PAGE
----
The Wall Street Journal ran a significant article today, “A New Lease on Life for 529 Plans” (subscription required), for those of you trying to save for college. Congress has made permanent many of the features that make 529 Plans attractive vehicles for saving for college.
529 plans function like Roth IRA’s: money is contributed after taxes but grows tax free and withdrawals that are spent on college expenses are tax free as well. That last feature is crucial: when you withdraw, say, $10,000 from your 529 plan to pay for your child’s first year of school that money does not count as taxable income.
The crucial provision allowing for tax free withdrawals, among others, was scheduled to expire at the end of 2010 and that had caused 529 contributions to slow down recently:
…. the specter of benefits disappearing had given some investors pause. In fact, the flow of money into new and existing 529 savings plans slipped to $13.71 billion last year from $13.72 billion in 2004, when the inflow surged 20%.
With the new legislation, investments in 529 plans should pick up again.
The other alternative for saving for college is Coverdell Accounts. These accounts are similar in that after tax money grows tax free and withdrawals spent on education expenses are tax free as well.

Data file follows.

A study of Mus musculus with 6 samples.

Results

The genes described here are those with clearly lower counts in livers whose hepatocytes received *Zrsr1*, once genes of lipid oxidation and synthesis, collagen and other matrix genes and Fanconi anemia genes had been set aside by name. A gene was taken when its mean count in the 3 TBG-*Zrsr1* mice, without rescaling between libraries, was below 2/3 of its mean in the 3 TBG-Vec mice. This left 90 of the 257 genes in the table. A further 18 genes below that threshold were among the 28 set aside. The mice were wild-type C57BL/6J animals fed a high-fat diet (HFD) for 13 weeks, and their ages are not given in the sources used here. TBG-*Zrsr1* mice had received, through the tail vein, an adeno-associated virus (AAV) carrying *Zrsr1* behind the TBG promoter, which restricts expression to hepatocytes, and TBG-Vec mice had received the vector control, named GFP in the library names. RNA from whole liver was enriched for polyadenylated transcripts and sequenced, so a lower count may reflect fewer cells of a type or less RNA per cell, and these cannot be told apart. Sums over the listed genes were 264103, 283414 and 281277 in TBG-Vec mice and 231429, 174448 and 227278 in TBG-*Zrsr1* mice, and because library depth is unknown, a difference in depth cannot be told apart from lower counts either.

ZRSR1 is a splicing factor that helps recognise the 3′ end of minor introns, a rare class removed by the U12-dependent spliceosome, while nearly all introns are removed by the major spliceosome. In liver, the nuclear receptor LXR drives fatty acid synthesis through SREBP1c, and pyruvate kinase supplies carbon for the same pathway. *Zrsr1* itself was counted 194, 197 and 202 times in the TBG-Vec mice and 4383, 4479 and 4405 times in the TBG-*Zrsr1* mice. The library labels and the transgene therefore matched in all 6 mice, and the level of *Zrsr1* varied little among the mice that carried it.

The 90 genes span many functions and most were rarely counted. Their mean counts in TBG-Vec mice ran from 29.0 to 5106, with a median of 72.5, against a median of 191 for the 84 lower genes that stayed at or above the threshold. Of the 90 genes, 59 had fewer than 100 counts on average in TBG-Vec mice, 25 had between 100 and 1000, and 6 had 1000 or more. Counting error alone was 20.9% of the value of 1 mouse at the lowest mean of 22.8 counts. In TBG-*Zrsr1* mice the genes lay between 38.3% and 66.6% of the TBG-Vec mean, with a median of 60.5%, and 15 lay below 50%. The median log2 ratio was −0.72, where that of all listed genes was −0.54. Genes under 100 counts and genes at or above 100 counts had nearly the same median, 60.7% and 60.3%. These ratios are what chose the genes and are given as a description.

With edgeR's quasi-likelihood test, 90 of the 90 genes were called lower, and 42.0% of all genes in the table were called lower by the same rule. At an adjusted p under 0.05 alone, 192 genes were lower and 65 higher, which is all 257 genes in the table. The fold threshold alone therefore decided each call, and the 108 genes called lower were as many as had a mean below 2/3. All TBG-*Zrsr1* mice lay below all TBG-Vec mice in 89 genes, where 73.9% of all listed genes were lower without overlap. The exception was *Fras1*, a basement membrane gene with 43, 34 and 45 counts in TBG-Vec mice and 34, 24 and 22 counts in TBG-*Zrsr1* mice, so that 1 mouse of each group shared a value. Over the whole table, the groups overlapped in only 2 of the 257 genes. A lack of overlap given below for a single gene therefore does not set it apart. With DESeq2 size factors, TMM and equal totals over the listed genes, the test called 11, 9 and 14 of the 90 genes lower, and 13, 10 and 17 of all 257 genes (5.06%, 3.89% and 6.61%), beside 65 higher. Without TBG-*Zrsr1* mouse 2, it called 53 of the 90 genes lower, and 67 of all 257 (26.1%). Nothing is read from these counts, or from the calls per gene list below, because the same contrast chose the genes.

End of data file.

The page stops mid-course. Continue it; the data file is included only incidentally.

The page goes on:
There are, however, a couple of important differences between 529 plans and Coverdell Accounts. One of the most important differences is that you can contribute much more money per year to a 529 plan than you can to a Coverdell Account. You can only contribute $2,000 per year to a Coverdell Account while you can contribute up to $300,000 to California’s 529 plan, the Scholarshare program. So if your child is getting close to college and you haven’t started yet, this is one big reason for choosing a 529 plan over a Coverdell.
The advantage of the Coverdell is that you have complete control over how you invest the money. Much like traditional and Roth IRAs, you can select the stocks, bonds or mutual funds that you want to invest in. 529 plans, by contrast, give you a range of options. For example, California’s Scholarshare program is run by TIAA-CREF and gives you 5 different options: guaranteed, age based asset allocation, aggressive age based asset allocation, 100% equity and 100% social equity.
My recommendation is to start early with a Coverdell Account. As your child gets closer to college, you can always supplement that with a 529 plan if it looks like you are going to need more money.
If, however, your child is already 15 or 16, the thing to do is to simultaneously set up both a Coverdell account and a 529 plan. The Coverdell account will give you control over whatever money you can put in it and the 529 plan will allow you to put away more money so that you have enough.
Top Gun is an expert in college investing and would be happy to consult with you about the best way to do it. We can manage the money for you in a Coverdell Account, if you’d like, and/or set up a 529 plan with the Scholarshare program that would then be managed by TIAA-CREF.